Some Good Lives, the fourth album from Portland, Oregon folk duo Shook Twins, led by twin sisters Laurie and Katelyn, opens on a party track, ends on an afterparty track, and in between sandwiches almost 40 minutes of ennui and melancholy. It’s all baked into the song titles: “Figure It Out,” “Got Your Message,” “Wantlove,” “No Choice,” “What Is Blue.” There’s even a tinny 30 second rendition of “Moonlight Sonata” as a brief intermission from the Shooks’ original contemplative work. A handful of songs, like “Buoy” and “Stay Wild,” encourage boogie-ing, perhaps even grooving, but they’re the exceptions that prove the rule.
Pensive vibes aside, the Shook Twins’ party remains a party you’ll want an invite to. Some Good Lives moves away from their pop-forward roots into bluer territory. Not bluesy but considerably more wistful, as if the pair’s had much on their minds in the five years since the release of their last record, What We Do, and can only genuinely express it through a cooler, ruminative sound. But to move away from one’s roots isn’t to betray them, or if it is, it’s not necessarily a bad thing. Some Good Lives often goes downbeat, but the tone doesn’t stop it from being beautiful, or worth listening to. Rather it’s an acquired taste, or a taste not for all occasions.
Give the Shooks their right to reflect instead of play happy. “Happy,” after all, is a word for yoga studio devotees and kids’ show hosts, and odds are that anyone belonging to one group or the other is burdened by problems bury under stretched and strained smiles. Some Good Lives fakes nothing. It’s honest. There’s a forthrightness to its narrative, a product of confession through art. “Don’t get caught in the cold crying / there’s nobody coming this time,” goes the second verse “Figure It Out,” just before the reprise. “What did I explain?” The track rings with chimes and bells, the references to temperature combining with instrumentation to evoke winter’s advent. The chill in the lyrics and the music lends the lovely tune a forbidding, even merciless undercurrent, not exactly what listeners might expect from the Shooks’ aesthetic.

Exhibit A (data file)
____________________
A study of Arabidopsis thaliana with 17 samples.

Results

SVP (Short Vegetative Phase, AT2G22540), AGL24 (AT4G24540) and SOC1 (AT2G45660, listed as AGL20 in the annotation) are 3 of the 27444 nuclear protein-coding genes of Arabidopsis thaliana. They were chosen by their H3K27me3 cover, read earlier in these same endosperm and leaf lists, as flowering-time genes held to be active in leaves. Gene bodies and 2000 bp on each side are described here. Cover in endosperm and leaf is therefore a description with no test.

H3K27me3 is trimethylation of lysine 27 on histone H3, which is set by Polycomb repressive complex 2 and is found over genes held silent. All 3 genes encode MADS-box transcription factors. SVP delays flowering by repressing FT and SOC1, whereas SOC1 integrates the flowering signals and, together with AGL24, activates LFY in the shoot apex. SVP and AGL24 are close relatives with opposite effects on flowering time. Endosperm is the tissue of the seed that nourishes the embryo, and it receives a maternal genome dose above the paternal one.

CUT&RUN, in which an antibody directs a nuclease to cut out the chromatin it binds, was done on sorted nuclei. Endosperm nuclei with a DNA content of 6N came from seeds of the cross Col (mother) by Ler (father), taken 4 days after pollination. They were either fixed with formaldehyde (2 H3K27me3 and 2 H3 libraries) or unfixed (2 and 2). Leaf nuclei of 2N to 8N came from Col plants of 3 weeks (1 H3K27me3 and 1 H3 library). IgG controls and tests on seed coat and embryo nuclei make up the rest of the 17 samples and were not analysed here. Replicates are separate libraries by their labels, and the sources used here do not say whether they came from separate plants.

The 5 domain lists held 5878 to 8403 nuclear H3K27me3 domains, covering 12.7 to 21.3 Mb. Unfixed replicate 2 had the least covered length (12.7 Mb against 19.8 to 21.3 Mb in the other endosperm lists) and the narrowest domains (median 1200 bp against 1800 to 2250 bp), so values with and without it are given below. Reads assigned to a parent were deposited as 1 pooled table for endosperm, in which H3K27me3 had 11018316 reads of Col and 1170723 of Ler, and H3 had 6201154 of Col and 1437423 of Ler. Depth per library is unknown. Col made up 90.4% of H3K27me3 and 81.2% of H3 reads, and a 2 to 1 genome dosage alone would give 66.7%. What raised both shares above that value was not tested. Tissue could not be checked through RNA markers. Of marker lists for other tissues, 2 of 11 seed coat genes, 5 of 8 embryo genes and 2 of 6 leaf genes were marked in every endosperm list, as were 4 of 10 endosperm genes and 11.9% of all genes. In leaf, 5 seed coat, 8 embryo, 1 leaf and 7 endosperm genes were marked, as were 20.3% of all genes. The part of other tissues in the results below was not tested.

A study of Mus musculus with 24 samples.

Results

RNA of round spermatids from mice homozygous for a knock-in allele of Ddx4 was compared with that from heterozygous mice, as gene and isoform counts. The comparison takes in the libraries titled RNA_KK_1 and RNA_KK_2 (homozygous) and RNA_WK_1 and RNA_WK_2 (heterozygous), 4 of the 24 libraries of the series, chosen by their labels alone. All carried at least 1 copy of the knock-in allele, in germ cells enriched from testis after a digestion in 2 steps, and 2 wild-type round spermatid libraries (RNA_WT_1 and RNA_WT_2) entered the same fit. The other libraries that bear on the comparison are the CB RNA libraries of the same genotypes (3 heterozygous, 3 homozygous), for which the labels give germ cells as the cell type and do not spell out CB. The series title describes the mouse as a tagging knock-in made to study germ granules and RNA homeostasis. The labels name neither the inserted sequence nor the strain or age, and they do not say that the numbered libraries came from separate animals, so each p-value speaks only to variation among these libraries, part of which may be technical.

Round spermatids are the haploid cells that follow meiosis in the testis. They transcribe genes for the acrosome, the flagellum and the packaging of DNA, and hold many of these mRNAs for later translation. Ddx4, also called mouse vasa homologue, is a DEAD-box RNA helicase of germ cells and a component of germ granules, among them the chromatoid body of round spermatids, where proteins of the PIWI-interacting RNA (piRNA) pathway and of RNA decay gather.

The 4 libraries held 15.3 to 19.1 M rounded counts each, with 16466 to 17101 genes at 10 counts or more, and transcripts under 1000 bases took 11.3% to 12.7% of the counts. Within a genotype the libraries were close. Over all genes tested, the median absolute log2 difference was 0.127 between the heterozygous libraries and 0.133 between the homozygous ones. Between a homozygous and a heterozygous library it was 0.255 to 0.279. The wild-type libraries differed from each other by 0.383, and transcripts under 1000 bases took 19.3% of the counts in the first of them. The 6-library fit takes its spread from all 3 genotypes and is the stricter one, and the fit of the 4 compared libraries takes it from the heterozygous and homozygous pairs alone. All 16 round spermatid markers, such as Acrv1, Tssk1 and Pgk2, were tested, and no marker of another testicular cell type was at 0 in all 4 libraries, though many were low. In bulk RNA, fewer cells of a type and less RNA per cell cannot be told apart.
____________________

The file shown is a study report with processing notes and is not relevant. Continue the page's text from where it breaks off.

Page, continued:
They’re talking about maturity, of course, and the painful experience of growing up in an unforgiving world. It’s unassumingly heavy stuff. (Perhaps explaining the song’s nuance and layers is the participation of one Gregory Alan Isakov, with whom the Twins worked on the track at his Colorado studio.) That heaviness extends to “Safe,” too, in which the pair beseech their audience, indisputably intended to be a romantic partner, to stay over and over again, if not for the night then at least to talk. “I am trying hard to make it feel right, but it’s not right, because there’s nothing moving,” they murmur, trying, with as much force as they can muster, to catch their lovers’ attentions. Whatever “it” is, they have to work it out, but that means blunt-force truth-telling. That kind of candor doesn’t come easily, but on Some Good Lives, it’s certainly easy to listen to.
Where the album stumbles, if only slightly, is in cementing an identity. The collection of upbeat songs, scant as it is, clangs somewhat with the Shooks’ interior examinations; it’s
purposeful, with a sprinkling of revelry. These things aren’t mutually exclusive, but Some Good Lives so determinedly muses over subjects ranging from love to loved ones that its brighter numbers feel less like tonics and more like distractions. They’re delightful distractions, fortunately, reminders that the Shook Twins have real sonic versatility. Maybe the next party they throw should just stick to a single theme.
Boston-based culture writer Andy Crump has been writing about film and television online since 2009 (and music since 2018). You can follow him on Twitter and find his collected writing at his personal blog. He is composed of roughly 65% craft beer.